Source : Manila Times

Enemy's Enemy is My Friend : The Philippines following this principle in its relationship with India, in regard to its enemy China

India and the Philippines are both vibrant democracies with large demographic capacities. The strategic calculations in Manila seem to have found New Delhi willing in maintaining the regional Indo-Pacific balance of power and deepening bilateral relations for mutual growth.

Recent developments

The Philippines has decided to buy at least seven Dhruv Advanced Light Helicopters (ALH) and eight Dornier 228 aircraft from India. Both countries also signed the “Implementing Agreement” in March, 2021 which will facilitate arms purchases between them. Philippine Defense Secretary Delfin Lorenzana had conveyed that his country was interested in buying the BrahMos missiles from India.

In 2020, the Philippines’ Secretary of Foreign Affairs Teodoro Locsin Jr. and Indian External Affairs Minister S. Jaishankar chaired a joint commission on bilateral cooperation and decided to strengthen defense engagements, maritime cooperation and defense training. They also agreed to cooperate on counter-terrorism and information sharing, among other different areas such as tourism. India’s INS Ranvijay and INS Kora were deployed in the Pacific in August 2021 for a maritime partnership exercise with the Philippines’ BRP Antonio Luna in the West Philippine Sea. Many operational maneuvers in the exercise allowed for greater interoperability between the two navies.

The Philippines Department of Trade and Industry (DTI) has been coordinating with the Federation of Indian Chambers of Commerce and Industry (FICCI) to promote bilateral trade and business ties. A preferential trade agreement (PTA) between the two countries, which will boost the value and volume of bilateral trade, may soon see the light of the day. Last year, the Philippines’ imports from India stood at $1.51 billion and exports to India amounted to $547.98 million. Philippine Trade Secretary Ramon Lopez said that there was huge potential for greater economic exchange between the two countries.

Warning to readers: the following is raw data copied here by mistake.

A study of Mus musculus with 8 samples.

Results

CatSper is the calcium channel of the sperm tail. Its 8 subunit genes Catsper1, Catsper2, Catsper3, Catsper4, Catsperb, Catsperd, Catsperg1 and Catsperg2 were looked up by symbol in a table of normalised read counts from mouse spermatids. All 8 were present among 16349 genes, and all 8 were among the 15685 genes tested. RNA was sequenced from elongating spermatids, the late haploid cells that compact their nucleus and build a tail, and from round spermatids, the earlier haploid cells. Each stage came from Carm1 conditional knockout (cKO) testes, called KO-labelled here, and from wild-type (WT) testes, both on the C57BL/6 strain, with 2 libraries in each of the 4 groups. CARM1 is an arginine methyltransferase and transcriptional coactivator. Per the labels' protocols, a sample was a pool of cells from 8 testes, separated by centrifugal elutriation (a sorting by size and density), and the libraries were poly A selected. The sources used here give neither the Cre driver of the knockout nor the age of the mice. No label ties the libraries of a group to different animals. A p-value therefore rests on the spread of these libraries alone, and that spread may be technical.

Strategic convergence

The ups and downs in the Philippines’ relationship with Beijing has been commented upon by analysts worldwide. But the conflict over territorial claims in their adjoining maritime region is still a bone of contention. The increasingly assertive position that China has taken in the South China Sea since the onset of the Covid-19 pandemic has worried Southeast Asian countries, and naturally also shot up concerns in Manila. The Duterte administration, which was set on improving ties with China and could even have been perceived as anti-US many times, began to mend relations with Washington last year. The Visiting Forces Agreement (VFA) between the US and the Philippines is a foundational security arrangement which allows presence of US troops on Philippine soil. President Duterte has suspended the termination of the VFA in the interest of Philippine security, citing “great power competition” in the region.

The Philippines’ curve back to the US is a strategic development for Indo-Pacific countries like India. Manila has shown that in matters of security it is still conjoined with traditional allies. It has also expressed interest in buying BrahMos missiles from India, which will be its first deterrent capability against China. It may be speculated that given the common anxieties regarding China’s conduct in its neighboring areas, the Philippines could find more alignment with the Quad countries.

Multi-alignment

What brings the Philippines and India together?

Friendship among nations is based on shared history and culture, or a common threat. India and the Philippines may be concerned about the threat to freedom of maritime space in the Indo-Pacific region and a rules-based international order. Hence, a growing bonhomie between New Delhi and Manila may not be very surprising. From the viewpoint of their foreign relations, however, there is an interesting observation.

India has shifted from its policy of non-alignment during the Cold War to a more pragmatic policy of multi-alignment today, suited to a globalized world. Meanwhile, the Philippines, in the past couple of years, has hinted that it may not be pressed to choose one camp against the other. This stance of not becoming overly dependent on one country, and exercising autonomy to engage with multiple powers based on national and security interests, probably explains the increasing pull Manila has created for New Delhi.

Although bilateral involvement is robust for now, the security environment in Asia is volatile to say the least. It may be essential to create formal channels of dialogue between important political and bureaucratic officials of the Philippines and India in order to sustain this engagement, and translate it into deeper strategic agreement. A more transparent conversation about China and the evolving security situation in the South China Sea may be aptly suited to the bilateral agenda. For both India and the Philippines, engaging with China is more or less obvious if not explicitly desirable. But they may work together to express to Beijing that their territorial sovereignty must be respected, and disputes resolved amicably.